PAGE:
Notes from the Eldercare Underground: Split personalities
There’s a saying here in Texas that if you don’t like the weather, wait fifteen minutes and it’ll change. You could say the same thing about my mother’s personality.
Today was one of those days where both weather and mother collided.
I had to accompany my mother to a doctor’s appointment this afternoon because she’d had a rattling chest cough the last few days. (She’d also fallen—yet again—in The Hotel’s dining room and hit the back of her head on either a chair or a table on her way down. No major damage from that, but it didn’t help matters any.)
When I left home the temperature was approaching 80 degrees and I’d had to put the AC on in my car. By the time I left The Hotel to come home about three hours later, the temp. had dropped to 45. There was a cold wind blowing in from the north, causing me to turn the heater on.
Ah, Texas. Whiplash weather.
Also whiplashing was my mother’s personality today.
We saw the physician’s assistant at her medical clinic, who determined my mother had, at the very least, a case of bronchitis. She prescribed an antibiotic and also Mucinex to get rid of all the “gunk,” as she put it, in my mother’s lungs that was causing the awful sounding cough.
But to be on the safe side, since the weekend was coming up, she wanted my mother to go over to the hospital and have a chest x-ray to be sure that there wasn’t any pneumonia starting. If there was, she would put her on a stronger antibiotic. She didn’t want to start out with the big guns just yet because she said that antibiotic can be hard on the kidneys and she wanted to keep it in reserve, if at all possible.
Fortunately, we were being squired around by The Hotel’s van driver and I’d had the presence of mind to have my mother ride in a wheelchair instead of her Candy Apple Red Ferrari (her walker.)
It certainly made schlepping her around a lot easier.
So, over to the hospital we went and checked into the radiology lab. After a brief wait, we were ushered into the x-ray room and told to go into the dressing room, strip to the waist (her, not me) and put on one of their fashion-forward gowns that tie in the back.
All of this was to be accomplished with her still in the wheelchair. My mother complained about my cold hands while I was trying to get her pullover sweater off and even more when I was undoing her bra in the back.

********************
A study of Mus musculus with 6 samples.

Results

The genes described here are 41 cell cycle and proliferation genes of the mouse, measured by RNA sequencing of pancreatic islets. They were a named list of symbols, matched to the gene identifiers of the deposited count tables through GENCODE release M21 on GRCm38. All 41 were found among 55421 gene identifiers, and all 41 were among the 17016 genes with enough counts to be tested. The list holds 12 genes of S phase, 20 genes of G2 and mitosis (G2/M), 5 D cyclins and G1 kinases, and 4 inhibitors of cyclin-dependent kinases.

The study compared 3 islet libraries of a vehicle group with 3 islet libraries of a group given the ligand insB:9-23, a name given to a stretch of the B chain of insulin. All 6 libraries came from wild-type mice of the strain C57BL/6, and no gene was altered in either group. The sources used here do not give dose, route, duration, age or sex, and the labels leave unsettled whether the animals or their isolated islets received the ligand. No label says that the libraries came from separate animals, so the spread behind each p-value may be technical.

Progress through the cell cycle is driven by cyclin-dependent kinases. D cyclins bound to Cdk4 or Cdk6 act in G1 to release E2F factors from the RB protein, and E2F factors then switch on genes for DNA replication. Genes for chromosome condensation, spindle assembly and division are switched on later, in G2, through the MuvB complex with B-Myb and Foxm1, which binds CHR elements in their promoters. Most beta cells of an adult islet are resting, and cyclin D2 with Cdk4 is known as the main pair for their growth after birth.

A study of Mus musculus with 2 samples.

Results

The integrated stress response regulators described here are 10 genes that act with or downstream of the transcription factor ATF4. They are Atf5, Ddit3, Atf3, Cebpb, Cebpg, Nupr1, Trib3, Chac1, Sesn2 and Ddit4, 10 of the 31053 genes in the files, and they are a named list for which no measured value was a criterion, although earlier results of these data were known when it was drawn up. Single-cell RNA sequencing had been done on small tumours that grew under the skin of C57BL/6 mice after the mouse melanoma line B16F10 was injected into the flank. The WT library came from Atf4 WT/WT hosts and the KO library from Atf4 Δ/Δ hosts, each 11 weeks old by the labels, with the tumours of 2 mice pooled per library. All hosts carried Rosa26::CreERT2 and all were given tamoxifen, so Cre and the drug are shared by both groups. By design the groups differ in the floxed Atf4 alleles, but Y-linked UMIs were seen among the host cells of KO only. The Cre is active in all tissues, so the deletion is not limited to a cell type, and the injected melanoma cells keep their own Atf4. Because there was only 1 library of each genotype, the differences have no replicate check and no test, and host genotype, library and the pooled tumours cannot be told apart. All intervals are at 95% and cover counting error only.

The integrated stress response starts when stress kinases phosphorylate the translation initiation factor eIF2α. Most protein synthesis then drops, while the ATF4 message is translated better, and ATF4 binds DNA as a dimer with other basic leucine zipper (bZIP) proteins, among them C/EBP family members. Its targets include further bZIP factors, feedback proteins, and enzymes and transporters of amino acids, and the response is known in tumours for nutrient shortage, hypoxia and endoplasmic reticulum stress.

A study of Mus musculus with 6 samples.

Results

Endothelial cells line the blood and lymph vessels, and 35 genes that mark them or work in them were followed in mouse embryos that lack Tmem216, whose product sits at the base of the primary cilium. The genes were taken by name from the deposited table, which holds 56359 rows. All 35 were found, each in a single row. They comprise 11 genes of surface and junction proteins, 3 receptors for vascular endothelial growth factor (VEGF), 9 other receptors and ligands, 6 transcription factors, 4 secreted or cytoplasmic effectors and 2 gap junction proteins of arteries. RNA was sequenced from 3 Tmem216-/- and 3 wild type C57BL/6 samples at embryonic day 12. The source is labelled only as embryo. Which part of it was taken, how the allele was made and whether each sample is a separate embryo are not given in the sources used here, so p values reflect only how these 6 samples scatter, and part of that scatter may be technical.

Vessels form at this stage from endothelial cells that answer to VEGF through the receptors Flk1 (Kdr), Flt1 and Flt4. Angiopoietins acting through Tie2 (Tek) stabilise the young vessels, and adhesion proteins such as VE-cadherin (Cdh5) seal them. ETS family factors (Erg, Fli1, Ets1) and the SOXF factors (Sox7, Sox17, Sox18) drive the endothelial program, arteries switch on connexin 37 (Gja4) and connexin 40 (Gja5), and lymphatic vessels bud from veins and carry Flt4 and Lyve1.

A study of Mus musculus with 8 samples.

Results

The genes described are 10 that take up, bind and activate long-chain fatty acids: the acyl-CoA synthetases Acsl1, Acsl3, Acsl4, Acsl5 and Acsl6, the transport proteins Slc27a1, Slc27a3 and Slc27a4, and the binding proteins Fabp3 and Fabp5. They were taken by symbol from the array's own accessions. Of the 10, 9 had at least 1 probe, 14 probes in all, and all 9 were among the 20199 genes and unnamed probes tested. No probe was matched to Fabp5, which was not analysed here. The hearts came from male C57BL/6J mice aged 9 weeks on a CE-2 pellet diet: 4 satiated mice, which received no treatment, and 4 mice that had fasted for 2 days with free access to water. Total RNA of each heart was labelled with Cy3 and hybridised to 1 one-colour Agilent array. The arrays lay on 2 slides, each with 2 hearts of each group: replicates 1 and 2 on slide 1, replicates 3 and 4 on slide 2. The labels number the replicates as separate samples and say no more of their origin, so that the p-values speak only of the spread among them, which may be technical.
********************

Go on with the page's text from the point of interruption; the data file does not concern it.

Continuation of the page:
But we did it, and then wheeled out to the room where I had to hold her up in a standing position so the technician could take two views of her lungs with the x-ray machine.
I got to wear ten pounds of lead apron. Not a good look, but it serves its purpose.
Then it was back into the dressing room where I reversed the process and heard more about my cold hands.
The technician said the films were good and he didn’t need to retake them so, after wandering for a bit in the labyrinthine hallways of the hospital, we made our way out to the reception area where an auxiliary made the phone call to The Hotel to let our driver know we were done and needed to be picked up.
If I’ve learned anything in dealing with my mother through her various health crises, it’s that when everything is over and she’s on her way home, she tends to make me the brunt of her barely submerged anger.
We were sitting there looking out the big windows that face the parking lot. She thought the hospital shuttle was our van and pointed it out to me a couple of times. Each time I had to correct her and tell her that, no, it wasn’t our van. I could tell she didn’t want to hear that.
When our guy did show up, he had to park back behind the shuttle. By that time we’d had the sudden temperature drop and the wind was blowing pretty hard. I didn’t see any reason to charge out the door until our driver had put the ramp down for my mother’s wheelchair.
She, however, was rarin’ to go.
If the weather can go from 80 to 40 in 30 minutes, my mother can go from pleasant to nasty in a nanosecond.
In a voice just loud enough that I knew the hospital auxiliary at her desk could overhear, my mother said
“One of these days I’m going to knock the crap right out of you.”
When we got back to The Hotel, I made sure the manager knew what meds. had been prescribed and that the chest x-ray results would be faxed to them tomorrow.
Then I picked up my mother’s laundry and got her settled in her chair with a bottle of water since the physician’s assistant said she needed to drink more fluids to get the “gunk” out.
As I went out the door, my mother blew me a kiss.
There was a twinge in my neck that I swear felt just like whiplash.